Saturday, July 2, 2011

A walk around Lazarus Island

My first proper trip to check out the natural shores of Lazarus Island was in Feburary this year.

One of the areas that we visited previously would be the lagoon where there are quite a good number of corals and other reef creatures. The water here is quite clear too on a outgoing tide. Today, we were back and were treated to a beautiful sunrise.

Our focus was on sea anemones and one of the sea anemones that we can find on this rocky shore will be this Giant carpet anemone (Stichodactyla gigantea) stranded out of water. You can clearly see its body column with rows of pink dots near the oral disk.

There are lots of Frilly sea anemones (Phymanthus sp.) of different types and colours, both expanded in water and stranded out of water.

On the more silty side of the shore, there were a number of Cerianthids (Order Ceriantharia) which are not true sea anemones.

Some of the hard corals there are quite large such as these boulder Favid hard corals (Family Faviidae).

This large unidentified shrimp or prawn has a pair of extended pincers that are very pretty with patterns.

After a quick look at the lagoon, I decided to complete the whole "cycle" of checking Lazarus Island by walking back through the side facing St John's Island. It is my first time here. Right in front is the bridge connecting the two islands and also where a fish farm is situated.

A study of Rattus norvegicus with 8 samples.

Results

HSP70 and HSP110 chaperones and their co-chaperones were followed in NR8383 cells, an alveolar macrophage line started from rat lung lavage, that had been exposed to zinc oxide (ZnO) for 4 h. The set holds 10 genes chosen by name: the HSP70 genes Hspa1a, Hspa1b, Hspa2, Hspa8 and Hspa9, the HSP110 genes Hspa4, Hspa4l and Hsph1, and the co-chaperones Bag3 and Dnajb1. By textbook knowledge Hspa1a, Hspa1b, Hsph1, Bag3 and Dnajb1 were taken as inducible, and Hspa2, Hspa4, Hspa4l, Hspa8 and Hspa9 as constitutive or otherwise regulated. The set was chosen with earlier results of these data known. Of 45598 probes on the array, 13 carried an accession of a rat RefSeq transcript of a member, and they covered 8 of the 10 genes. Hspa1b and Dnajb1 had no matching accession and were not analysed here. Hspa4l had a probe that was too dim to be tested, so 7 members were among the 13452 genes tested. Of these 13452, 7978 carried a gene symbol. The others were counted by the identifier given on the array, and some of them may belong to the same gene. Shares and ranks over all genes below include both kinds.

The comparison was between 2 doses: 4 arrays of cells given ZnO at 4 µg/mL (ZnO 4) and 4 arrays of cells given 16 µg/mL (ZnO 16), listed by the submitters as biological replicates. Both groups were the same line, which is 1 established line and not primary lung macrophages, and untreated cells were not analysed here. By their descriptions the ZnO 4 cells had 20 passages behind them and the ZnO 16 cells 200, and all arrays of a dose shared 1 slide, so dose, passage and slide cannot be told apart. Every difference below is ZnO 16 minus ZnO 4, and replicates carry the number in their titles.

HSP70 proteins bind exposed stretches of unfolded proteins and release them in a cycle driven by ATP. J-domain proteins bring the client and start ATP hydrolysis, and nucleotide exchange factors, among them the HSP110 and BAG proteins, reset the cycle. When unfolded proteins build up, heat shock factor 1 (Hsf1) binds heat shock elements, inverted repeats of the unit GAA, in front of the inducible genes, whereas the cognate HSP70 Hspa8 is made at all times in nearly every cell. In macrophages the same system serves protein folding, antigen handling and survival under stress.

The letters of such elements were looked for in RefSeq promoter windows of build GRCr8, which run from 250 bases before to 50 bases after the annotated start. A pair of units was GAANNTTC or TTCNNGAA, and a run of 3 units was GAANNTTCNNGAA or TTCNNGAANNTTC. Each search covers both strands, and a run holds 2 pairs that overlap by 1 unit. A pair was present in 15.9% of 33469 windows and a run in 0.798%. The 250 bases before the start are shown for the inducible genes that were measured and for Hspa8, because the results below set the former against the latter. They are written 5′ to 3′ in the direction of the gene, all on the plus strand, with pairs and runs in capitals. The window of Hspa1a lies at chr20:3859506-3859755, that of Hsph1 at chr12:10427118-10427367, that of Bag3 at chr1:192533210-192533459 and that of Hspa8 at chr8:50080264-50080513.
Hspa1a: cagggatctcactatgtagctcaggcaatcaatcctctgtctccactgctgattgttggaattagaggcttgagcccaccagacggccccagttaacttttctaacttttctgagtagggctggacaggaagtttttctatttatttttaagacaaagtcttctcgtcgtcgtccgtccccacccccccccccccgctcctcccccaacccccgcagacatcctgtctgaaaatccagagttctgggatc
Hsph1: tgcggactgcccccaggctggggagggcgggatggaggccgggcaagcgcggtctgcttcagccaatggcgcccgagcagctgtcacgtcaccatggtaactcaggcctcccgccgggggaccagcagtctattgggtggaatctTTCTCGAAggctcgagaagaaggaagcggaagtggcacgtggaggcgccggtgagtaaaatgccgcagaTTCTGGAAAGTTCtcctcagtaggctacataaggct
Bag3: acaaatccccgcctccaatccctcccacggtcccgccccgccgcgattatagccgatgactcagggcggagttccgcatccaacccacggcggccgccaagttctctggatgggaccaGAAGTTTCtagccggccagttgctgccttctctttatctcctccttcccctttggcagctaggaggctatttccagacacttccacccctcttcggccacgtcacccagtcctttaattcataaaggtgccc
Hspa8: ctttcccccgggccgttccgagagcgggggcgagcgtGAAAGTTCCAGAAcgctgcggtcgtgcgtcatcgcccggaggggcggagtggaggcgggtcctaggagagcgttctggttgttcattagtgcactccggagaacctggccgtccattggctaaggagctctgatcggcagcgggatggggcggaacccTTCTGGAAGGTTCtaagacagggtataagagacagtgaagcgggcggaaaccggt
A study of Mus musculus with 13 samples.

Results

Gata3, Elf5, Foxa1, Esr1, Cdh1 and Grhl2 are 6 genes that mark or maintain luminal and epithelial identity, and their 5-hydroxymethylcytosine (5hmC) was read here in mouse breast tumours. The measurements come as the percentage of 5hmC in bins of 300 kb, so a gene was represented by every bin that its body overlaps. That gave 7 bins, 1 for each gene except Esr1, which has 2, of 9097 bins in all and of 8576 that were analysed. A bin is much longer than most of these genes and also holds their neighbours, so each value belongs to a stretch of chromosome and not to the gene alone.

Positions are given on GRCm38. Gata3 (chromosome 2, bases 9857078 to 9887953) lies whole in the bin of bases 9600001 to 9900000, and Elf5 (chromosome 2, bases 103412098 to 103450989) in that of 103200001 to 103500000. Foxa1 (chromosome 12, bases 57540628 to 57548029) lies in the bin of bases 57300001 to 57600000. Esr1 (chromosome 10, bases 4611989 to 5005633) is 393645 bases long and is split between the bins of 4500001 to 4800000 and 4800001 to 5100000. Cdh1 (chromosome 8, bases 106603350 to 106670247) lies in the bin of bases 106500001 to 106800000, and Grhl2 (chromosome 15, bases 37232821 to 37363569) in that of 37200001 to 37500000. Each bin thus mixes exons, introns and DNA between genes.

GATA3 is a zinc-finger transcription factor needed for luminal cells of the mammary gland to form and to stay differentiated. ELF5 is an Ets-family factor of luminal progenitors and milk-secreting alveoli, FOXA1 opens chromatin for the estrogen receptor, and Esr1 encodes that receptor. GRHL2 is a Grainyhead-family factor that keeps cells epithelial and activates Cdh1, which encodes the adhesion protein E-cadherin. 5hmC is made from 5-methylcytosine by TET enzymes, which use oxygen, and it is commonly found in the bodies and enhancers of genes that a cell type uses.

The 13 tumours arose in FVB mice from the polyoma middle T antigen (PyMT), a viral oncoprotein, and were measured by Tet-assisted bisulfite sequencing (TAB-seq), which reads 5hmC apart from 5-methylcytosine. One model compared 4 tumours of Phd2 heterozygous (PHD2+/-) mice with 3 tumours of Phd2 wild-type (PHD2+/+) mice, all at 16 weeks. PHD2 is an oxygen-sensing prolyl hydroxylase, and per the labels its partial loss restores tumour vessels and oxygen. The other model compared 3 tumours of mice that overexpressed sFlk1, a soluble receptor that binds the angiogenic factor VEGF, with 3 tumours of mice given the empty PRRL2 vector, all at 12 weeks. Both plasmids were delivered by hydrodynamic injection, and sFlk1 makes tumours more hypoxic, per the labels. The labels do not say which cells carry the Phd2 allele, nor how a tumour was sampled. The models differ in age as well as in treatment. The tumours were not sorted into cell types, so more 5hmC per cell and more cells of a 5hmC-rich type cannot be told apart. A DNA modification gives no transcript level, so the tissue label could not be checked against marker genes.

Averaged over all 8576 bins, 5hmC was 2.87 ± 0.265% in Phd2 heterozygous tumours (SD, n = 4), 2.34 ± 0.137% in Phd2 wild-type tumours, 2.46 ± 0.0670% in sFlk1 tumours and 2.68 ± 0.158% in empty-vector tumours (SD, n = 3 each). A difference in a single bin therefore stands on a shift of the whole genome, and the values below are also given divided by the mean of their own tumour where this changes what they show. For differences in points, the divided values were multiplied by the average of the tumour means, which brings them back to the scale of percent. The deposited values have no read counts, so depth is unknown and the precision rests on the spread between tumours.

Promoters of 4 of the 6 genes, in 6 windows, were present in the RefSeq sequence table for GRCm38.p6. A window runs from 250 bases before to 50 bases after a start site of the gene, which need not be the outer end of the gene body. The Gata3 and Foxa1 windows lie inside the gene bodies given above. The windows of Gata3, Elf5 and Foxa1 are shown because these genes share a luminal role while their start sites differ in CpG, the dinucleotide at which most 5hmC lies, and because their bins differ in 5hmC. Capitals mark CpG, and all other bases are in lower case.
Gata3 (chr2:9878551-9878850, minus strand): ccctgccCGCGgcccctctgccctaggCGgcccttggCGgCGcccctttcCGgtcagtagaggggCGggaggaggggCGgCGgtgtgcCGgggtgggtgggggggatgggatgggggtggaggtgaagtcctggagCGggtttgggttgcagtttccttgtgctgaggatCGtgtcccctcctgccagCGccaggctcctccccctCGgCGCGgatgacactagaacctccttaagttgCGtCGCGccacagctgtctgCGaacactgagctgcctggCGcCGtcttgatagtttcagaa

I came across the fish farm equipment 'parked' on the shore that Ria also saw during June 2009.

Here is a closer view of the fish farm situated between St John's Island and Lazarus Island. Just about a week ago, there were news of many fish escaping from the nets of the fish farm. Fishermen flocked there and returned with "bags and bags of fish, and it was all sea bass!

I witnessed two fishermen when I was walking along the shore facing the fish farm. Usually they are situated on the bridge but today they came right down to the shore. Will this help them catch more fish?

Earlier on, I saw this huge dead fish on the shore and am unsure if this is related to the recent fish escaping event.

Focusing back on what was found on the rocky shore, I came across this Onch slug (Family Onchidiidae) with patterns on its body.

There were a couple of flatworm findings such as this Blue-lined flatworm (Pseudoceros sp.).

This is another flatworm with a yellow band in the middle.

Dr Daphne and the army were looking for Anthopleura buddemeieri in the high shores and I was flipping rocks to find this anemone. To my surprise, I came across two Cryptic sea stars (Cryptasterina sp.) together with Little African sea cucumbers (Afrocucumis africana). This is the first time we see these Cryptic sea stars outside of Pulau Semakau!

When relaxed in a pool of water, the Cryptic sea star is gorgeous looking! This particular one has a mottled coloration of blue, red and brown to help itself camouflage among the rocks. Thus, explains their name.

These stars are usually found on the underside of rocks. I later found two more around the same area.

Though I was about to declare that the shore facing St John's and the fish farm to be quite boring, the starry finds definitely changed my perception! Haha :)

1 comment:

Ivan said...

Awesome! I always had this feeling that the cryptic sea stars couldn't possibly be present only on Semakau. So we've got a record from another of our shores!